Rethink Thanksgiving plans, Marconi urges Ridgefielders
COVID-19 is not only still out there, cases are increasing. And the holidays are coming.
First Selectman Rudy Marconi is pleading with Rigefielders to treat this situation with the utmost seriousness — rethinking plans for large family gatherings at Thanksgiving, and having college students tested both before and after they return home.
“If we allow COVID-19 to continue to progress, which it’s started to do, that’s the danger,” he said. “... The danger for our stores — people not coming out to shop, stores going out of business, vacancies. It is not a pretty picture ...
“Perhaps the most significant concern is the holidays,” Marconi said.
He called up the image of the usual long Thanksgiving holiday, when food-laden tables serve as a centerpeice for gathered families, including students who come home from college eager to see their families — and their friends.
Over the long weekend kids end up going out with their old high school gang to talk about what they’re doing at college.
In the time of COVID-19, these simple, generally positive behaviors can be a formula for trouble.
“The holidays and Thanksgiving, and limiting those groups,” Marconi said.
“To have Thanksgiving with the family, with our children and grandchildren, is not the right thing to do right now,” he said.
Marconi added that he and his wife, Peggy, had revised their own Thanksgiving to something with less travel and visiting.
“We have canceled our plans,” he said. “I was going to be seeing my daughter and grandson in Colorado. We will not be doing that right now.”
He asked other people to consider scaling back plans for travel and family events.
Marconi also had some specific suggestions for parents of college students who may be coming back to town.
“If your kids are coming home from college, have them tested before they leave, and have them tested after they arrive. Be sure,” Marconi said.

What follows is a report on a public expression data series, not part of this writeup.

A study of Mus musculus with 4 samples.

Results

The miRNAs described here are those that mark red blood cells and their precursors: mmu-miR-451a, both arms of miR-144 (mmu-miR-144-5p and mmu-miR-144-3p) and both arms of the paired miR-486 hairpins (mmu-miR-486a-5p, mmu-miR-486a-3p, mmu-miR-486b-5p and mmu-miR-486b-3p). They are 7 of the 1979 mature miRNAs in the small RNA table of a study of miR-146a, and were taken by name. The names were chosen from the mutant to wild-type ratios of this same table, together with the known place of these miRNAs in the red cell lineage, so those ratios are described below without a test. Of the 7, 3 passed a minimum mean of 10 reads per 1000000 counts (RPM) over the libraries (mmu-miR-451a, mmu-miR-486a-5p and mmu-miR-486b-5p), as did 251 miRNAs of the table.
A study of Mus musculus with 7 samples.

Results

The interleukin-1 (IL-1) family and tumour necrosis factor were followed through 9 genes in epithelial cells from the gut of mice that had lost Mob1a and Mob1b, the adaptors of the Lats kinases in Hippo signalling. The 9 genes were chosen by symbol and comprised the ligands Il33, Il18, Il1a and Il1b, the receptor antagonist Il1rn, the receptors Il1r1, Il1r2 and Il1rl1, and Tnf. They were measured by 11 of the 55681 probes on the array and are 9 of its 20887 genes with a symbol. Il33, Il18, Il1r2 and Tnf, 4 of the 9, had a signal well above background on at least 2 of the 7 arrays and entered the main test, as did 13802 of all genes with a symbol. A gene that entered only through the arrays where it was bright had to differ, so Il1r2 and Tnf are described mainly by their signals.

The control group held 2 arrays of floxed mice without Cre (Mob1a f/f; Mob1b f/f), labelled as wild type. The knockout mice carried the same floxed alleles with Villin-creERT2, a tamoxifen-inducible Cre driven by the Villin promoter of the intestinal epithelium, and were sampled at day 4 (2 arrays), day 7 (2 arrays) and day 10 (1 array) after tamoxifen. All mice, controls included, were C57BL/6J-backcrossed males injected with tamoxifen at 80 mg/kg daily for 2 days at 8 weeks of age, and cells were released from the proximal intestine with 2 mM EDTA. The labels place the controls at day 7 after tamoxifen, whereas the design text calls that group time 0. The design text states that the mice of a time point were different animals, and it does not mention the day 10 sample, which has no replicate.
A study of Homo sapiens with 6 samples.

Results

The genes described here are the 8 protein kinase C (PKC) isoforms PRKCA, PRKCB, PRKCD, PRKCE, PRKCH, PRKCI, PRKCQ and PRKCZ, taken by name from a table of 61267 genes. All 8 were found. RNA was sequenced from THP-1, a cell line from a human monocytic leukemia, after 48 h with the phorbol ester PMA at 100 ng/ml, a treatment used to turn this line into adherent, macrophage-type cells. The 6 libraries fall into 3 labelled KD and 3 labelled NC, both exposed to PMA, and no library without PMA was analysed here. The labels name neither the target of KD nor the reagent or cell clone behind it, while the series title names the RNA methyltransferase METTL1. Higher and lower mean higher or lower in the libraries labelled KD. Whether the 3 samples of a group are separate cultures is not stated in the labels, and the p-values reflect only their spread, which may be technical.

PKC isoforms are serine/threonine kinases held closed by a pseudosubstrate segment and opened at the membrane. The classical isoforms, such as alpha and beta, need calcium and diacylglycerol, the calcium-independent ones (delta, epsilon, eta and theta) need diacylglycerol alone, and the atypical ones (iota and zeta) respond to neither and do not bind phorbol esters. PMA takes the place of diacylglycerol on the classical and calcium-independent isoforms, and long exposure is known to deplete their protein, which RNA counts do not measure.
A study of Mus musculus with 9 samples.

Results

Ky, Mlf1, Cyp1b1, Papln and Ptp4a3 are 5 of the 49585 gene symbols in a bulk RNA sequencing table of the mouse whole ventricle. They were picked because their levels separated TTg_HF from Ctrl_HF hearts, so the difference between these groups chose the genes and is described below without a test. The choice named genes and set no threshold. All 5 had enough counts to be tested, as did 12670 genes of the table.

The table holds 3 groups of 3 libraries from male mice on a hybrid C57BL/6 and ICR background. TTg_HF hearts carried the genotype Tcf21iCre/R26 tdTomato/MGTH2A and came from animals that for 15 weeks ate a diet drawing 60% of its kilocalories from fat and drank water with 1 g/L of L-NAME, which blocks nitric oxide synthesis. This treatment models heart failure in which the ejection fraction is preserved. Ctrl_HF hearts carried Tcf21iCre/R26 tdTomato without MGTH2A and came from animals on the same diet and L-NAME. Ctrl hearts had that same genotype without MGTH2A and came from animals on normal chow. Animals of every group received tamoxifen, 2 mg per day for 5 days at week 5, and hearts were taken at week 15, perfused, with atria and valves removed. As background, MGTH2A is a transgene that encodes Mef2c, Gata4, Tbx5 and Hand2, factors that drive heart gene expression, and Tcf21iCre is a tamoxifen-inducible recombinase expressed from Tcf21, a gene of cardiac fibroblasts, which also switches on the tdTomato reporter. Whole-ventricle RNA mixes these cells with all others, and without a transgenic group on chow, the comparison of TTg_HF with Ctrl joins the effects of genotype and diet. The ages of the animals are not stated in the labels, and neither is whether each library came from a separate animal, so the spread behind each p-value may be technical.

“It’s not that much of an inconvenience. You’ll be protecting yourself. And, most importantly, you’ll be protecting others,” he said.
“But make your appointments now for the testing, because it will get crowded — I guarantee that.”
Returning college kids have a strong instinct to socialize, which can be a problem. According to the state, the age group in Connecticut with the most COVID-19 cases is people 20 to 29.
“We know when you come home from school you want to see your friends,” Marconi said. “... Take your test. Wear your mask, and socially distance.”
He added a thought for parents.
“You’ve got to be sure your kids do that,” Marconi said.
Another concern is younger kids — middle schoolers, high school kids — coming to town after school and gathering in Ballard Park.
“One of the issues we have is Ballard Park and some of the Friday afternoon get-togethers, and kids not wearing masks,” Marconi said.
“We ask that parents, teachers and school administrators all remind the students that they have to wear their masks.” Marconi said. “They can be out running around having a good time but, please, wear a mask.”
Convincing young people of the importance of masks and social distancing is best done at home, Marconi said, and with the Thanksgiving break ahead, it may well require extra effort.
“We are relying on parents and grandparents to be sure they do everything they can to keep their families in compliance. It’s for their own safety, their own health and welfare,” Marconi said. “A giant ‘please’....
“To have your kids come home and act like this one is no different than any other year, and go out with their buddies … That’s going to put us in a full lockdown,” Marconi said.
“We’re just asking for your help,” he said.
“You’ve got to be sure you’re in compliance. If you’re not, we risk all of it.”